Needle felting for beginners – Needles

felting needles for beginners

Written by Rosie

Rosie has been needlefelting for almost five years. She used to be a doll maker but is now dedicated to learning all she can about needle felting and she also teaches felting workshops in the Leicestershire area.

July 25, 2019

Needle felting… tips and information for beginners

At my workshops i’ve had lots of requests about getting started with needle felting so as my very first blog i thought I’d explain all the basics of this craft. so in this first post I’ll cover the tools and equipment you need if you’re starting to needle felt for the first time.


Felting needles are different from regular needles of course, they have scratchy barbed tips that tangle the wool and make it more and more compact and dense with every stab. These needled come in many different sizes (gauges) with different types of tips that do different things.


The thing to always remember is that the lower the gauge size (IE 19) the THICKER the needle will be. Sizes range from a thick 19 gauge through to a very fine 46. You may find them lower or higher than this but I’ve never seen them. Usually needles in the higher numbers (thinner) work well for smoothing out surfaces, where you don’t want needle marks to show.


The ideal size and gauge that works well for me in my workshops is a 38 GAUGE STAR, this is a standard gauge and works for most felting projects. Note, like wire gauges, the smaller the gauge number the bigger the size, ie a 40 gauge is SMALLER/FINER than a 36. A felting needle has small barbs in the end that, when stabbed through wool, catch on the scales of the fibre and push them together. The more and more you stab, the more fibres matt together slowly turning the wool into solid felt.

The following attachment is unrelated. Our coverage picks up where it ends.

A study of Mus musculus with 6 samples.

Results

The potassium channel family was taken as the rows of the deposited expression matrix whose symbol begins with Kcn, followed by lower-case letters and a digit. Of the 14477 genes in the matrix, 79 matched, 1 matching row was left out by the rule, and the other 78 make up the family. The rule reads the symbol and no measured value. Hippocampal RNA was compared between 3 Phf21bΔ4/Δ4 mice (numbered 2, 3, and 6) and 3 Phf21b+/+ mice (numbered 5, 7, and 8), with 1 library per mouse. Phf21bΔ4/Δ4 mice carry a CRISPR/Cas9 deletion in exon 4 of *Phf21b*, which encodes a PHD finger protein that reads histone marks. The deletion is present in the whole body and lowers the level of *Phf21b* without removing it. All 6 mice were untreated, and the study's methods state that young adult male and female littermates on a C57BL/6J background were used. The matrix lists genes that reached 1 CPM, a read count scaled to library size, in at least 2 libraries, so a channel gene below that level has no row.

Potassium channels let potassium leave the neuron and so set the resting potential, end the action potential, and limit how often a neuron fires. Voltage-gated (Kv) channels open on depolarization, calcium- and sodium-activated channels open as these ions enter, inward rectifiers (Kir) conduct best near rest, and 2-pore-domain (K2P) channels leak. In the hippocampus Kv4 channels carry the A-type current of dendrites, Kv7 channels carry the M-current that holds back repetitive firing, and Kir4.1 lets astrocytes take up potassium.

Felting needles are quite delicate and can break easily if used incorrectly. Make sure you are stabbing in and out at the same angle, not twisting or bending the needle. If the needle won’t go into the wool easily try changing to a finer needle. Some examples of needle shapes are: Triangular: barbs of 3 sides Star: barbs on 4 sides Reverse Felting Needles: the barbs on these needle go the other way, pulling the fibres out rather than pushing them in. This is useful to create a fluffy finish on a well felted piece.


  • When using a Reverse Needle you should felt the piece with a normal needle first, and finish the surface with the Reverse.
  • The more barbs on a needle, the quicker you felt.
  • Use thinner/finer the needle gauges for softer wools and finer details.
  • Make sure to buy at least 10 of the size 36 or 38 needles just in case (in most cases, the more you buy, the more economical they are).